Doctors saved his hands, and now Joe needs to save himself

Posted at 11:14 PM, Aug 08, 2017
and last updated 2017-08-08 23:14:04-04

SUNSET PARK, Brooklyn — When 30-year-old Joe from Ridgewood, Queens met for the first time with counselor George Rivera at Resource Beacon of Hope in Sunset Park, he was officially signing in for outpatient rehab four days a week

"First of all, we're going to stabilize the addiction," Rivera told the former carpenter, who still has white gauze on both hands, after undergoing emergency surgery on his hands July 21st. "We'll take it one step at a time."

Joe was injecting heroin for three years, after years of addiction to powerful painkillers before that. The needles often went into the tops of his hands.

"I think it's still too soon to say whether you're going to need a skin graft or not," Dr. Jeanne Carey of NYU Lutheran Langone said to Joe, when she examined his hands on the same day he started rehab. "We should set you up to see our plastic surgeon."

But considering what Joe's hands looked like shortly after the operation, when surgeons debrided black, necrotic skin from the tops of both-leaving holes in their wake-they have healed rather remarkably.

"We call that good, healthy red granulation tissue," Dr. Carey observed of Joe's hands, as she noted healthy skin is coming back. "The fact that you're staying clean right now is enabling your body to heal."

Staying clean will be Joe's goal for the rest of his life.

Along with his medical needs, Beacon of Hope will address Joe's emotional state and how that fueled his addiction. He will go to group counseling and individual sessions during his time in rehab.

"This is the induction," Rivera told PIX11. "This is like the army. He's got a schedule. He has to be motivated. He has to want this."

"The addiction is always going to be present," Rivera said. "It's how he handles it."

Rivera was a bit concerned that Joe decided to use a medication called Suboxone for only a short period, during withdrawals, and then decided to continue recovery cold turkey.

"To tell you the truth, it scares me a little," Rivera said. He noted the long-term chances for recovery have generally been better when Suboxone is utilized longer.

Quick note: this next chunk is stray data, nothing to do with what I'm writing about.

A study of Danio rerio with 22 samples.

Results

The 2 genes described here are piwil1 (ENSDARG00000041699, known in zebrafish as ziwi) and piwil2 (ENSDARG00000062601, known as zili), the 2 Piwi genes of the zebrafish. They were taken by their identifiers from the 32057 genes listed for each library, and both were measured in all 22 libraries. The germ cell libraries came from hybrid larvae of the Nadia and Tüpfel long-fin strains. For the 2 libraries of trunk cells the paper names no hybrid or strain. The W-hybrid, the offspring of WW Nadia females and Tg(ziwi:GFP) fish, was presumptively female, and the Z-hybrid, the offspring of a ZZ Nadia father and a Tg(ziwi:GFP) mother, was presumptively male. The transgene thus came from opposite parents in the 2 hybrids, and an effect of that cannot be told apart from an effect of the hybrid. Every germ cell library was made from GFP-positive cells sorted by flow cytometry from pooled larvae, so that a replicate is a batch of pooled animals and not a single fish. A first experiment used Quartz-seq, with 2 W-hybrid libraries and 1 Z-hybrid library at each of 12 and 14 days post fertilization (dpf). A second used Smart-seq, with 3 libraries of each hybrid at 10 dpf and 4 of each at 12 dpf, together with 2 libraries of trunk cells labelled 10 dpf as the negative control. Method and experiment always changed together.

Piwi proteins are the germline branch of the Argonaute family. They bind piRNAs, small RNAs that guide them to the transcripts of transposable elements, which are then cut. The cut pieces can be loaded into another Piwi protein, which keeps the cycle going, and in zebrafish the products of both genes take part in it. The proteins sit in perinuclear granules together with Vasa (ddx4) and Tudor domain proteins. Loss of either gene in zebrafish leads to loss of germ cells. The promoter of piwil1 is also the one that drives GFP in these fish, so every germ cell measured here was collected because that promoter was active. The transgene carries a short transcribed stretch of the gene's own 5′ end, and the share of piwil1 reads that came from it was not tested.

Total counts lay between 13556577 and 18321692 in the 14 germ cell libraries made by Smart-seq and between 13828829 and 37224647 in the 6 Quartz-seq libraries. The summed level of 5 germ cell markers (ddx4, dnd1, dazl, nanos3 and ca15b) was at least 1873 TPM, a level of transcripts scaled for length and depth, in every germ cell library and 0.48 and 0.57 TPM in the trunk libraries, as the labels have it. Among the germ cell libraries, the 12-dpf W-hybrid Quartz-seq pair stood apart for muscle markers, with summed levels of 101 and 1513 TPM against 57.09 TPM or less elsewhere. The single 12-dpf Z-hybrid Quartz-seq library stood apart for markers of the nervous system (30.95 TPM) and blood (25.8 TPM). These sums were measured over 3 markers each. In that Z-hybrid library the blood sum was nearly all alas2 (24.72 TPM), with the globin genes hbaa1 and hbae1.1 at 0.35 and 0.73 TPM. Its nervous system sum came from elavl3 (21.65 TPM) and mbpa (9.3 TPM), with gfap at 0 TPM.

But Rivera was impressed with Joe's determination.

Joe had been clean 19 days, as of Tuesday, August 8th, and pointed out that Suboxone is also an opioid that users have to withdraw from. He said he didn't want to deal with another opioid, once he made the decision to stop using heroin.

"I will never touch heroin again," Joe vowed. "I think you have to be ready to quit. It re-wires your brain and it takes time to heal."

"I still get cravings every once in a while," Joe acknowledged. "They only last a couple of minutes."

Still, the experience of going through moderate to severe withdrawals and his body's adjustment to this new phase has left Joe struggling with sleeplessness. He is taking Trazadone, a prescription medicine, to assist with sleep problems.

"Now that I've gotten most of the heroin out of my system, I feel alive again," Joe told PIX11.

But Joe is still reluctant to tell his father, who visited him after his emergency surgery, that he's struggled with heroin addiction.

"I don't want him to look at me differently," Joe said. "I told him I got hurt on the job site and I got a bad infection."

Joe's new extended family will be the counselors and his peers at Resource Beacon of Hope. He also has great support from his girlfriend, a physical therapy aide, whom he lives with.

Joe said he was happy when his appetite started coming back.

"I'm Italian; I like Italian food," Joe said with a smile.